The Golden State Warriors came into Saturday’s first round playoffs series against the Los Angeles Clippers as decided underdogs, but on Saturday, the Warriors edged the Clippers 105-109 in a close game that came down to costly errors down the stretch.
Prior to the game, even Warriors head coach Mark Jackson admitted he would have pick the Clippers if he was still working as an analyst, but he was the coach, so he believed in his guys.
The first half was an ugly affair that featured more fouls than highlight plays, but both teams entered the intermission level at 52-52.
At the half, Clippers forward Blake Griffin was in foul trouble with three fouls, and Warriors forward Andre Iguodala was in foul trouble with four fouls. Both players would eventually foul out, and Iguodala’s modest 20 minutes were slightly trumped by Griffin’s 19 minutes.
“We didn’t play real well,” Clippers coach Doc Rivers said after the game. “We were in foul trouble the whole game.”
The second half did not feature nearly as many whistles, and the quality of basketball improved. By the time three quarters were up, the Warriors had jumped out to an eight point lead. At that point, Clippers guard J.J. Redick led all scorers with 22 points on 8-11 shooting and was the one player who seemed to be shooting well for the home team.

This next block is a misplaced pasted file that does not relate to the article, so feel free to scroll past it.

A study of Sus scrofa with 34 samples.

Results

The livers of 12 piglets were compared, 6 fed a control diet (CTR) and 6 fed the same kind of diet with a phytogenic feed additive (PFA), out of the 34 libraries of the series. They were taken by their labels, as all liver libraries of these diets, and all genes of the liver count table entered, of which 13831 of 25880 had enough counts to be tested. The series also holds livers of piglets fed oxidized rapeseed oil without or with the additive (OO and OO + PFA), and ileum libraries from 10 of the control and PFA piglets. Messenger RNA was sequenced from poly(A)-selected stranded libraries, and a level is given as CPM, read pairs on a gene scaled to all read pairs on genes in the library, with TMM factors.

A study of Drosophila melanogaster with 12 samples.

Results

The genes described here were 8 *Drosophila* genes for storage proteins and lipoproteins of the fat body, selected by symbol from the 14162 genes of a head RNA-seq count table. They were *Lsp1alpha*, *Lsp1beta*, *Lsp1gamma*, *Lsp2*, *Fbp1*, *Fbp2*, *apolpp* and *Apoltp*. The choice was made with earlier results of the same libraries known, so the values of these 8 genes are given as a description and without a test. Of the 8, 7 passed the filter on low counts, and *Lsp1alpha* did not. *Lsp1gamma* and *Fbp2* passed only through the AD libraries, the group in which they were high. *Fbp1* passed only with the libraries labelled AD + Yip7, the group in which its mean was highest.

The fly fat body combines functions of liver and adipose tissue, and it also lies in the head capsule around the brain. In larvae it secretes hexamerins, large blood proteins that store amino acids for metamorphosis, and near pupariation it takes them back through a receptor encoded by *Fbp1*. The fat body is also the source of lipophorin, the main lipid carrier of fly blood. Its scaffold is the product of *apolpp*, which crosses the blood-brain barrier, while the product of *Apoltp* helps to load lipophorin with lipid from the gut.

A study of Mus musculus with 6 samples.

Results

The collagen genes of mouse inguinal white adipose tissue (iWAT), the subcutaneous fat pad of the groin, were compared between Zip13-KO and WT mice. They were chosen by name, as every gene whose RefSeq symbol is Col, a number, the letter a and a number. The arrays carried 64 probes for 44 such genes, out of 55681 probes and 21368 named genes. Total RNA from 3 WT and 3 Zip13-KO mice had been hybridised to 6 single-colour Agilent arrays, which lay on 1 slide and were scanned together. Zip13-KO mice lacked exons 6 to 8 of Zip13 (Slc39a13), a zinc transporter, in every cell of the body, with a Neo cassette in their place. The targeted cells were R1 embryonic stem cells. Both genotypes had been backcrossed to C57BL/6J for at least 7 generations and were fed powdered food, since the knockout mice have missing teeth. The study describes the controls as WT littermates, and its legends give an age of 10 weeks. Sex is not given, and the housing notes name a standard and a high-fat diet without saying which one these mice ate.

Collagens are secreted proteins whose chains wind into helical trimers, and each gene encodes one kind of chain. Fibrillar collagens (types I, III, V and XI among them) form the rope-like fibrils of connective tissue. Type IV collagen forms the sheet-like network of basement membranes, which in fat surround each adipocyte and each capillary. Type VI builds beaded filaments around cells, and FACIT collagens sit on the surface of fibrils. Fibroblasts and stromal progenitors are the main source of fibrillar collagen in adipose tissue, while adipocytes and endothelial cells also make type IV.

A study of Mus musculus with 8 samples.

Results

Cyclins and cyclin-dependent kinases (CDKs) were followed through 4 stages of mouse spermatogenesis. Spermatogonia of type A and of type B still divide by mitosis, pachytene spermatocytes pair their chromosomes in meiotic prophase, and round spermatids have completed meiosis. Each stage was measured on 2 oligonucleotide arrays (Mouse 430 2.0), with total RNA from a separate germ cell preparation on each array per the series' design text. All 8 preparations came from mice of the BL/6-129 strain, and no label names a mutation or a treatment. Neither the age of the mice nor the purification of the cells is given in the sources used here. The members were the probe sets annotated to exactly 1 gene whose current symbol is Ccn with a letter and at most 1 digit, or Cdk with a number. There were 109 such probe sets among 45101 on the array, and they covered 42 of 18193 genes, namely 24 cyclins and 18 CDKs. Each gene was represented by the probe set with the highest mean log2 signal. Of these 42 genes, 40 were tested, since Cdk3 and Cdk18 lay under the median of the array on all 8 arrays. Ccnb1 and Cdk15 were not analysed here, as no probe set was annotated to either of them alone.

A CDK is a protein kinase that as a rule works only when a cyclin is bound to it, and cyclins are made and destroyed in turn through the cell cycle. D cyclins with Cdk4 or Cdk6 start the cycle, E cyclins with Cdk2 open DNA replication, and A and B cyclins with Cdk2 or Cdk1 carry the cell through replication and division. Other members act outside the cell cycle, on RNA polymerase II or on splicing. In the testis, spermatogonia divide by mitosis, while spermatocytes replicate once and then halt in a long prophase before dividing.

However, Reddick would not attempt another shot for the remainder of the game, as the Clippers looked to Chris Paul down the stretch.
Paul scored 10 points in the final quarter to bring the Clippers back and level the score late in the game. However, Paul made a few costly errors that cost the Clippers the game.
First, Paul took off on a three-on-one fast break and opted to go to the rim instead of using the advantage-in-numbers. His missed layup immediately translated to a three-pointer in transition on the other end. That five-point swing in a close ball game could easily be pointed as the difference between winning and losing, and Paul lamented that mistake in particular during his post-game press conference.
Then, with 18.9 seconds remaining in a two-point ball game, Paul felt the defensive pressure from the Warriors and dropped the ball out of bounds, recording his sixth turnover of the game. With the game turning into a free throw contest from that point forward, the Warriors left the door open by missing a free throw.
Down by three points, Paul went to the free throw line with 11.9 seconds on the clock. The 28-year-old point guard missed both shots, and those misses effectively ended the ball game and gave the Warriors a 1-0 lead in the first round series.
After the game, Rivers summed up the afternoon: “We made too many mistakes to win the game.”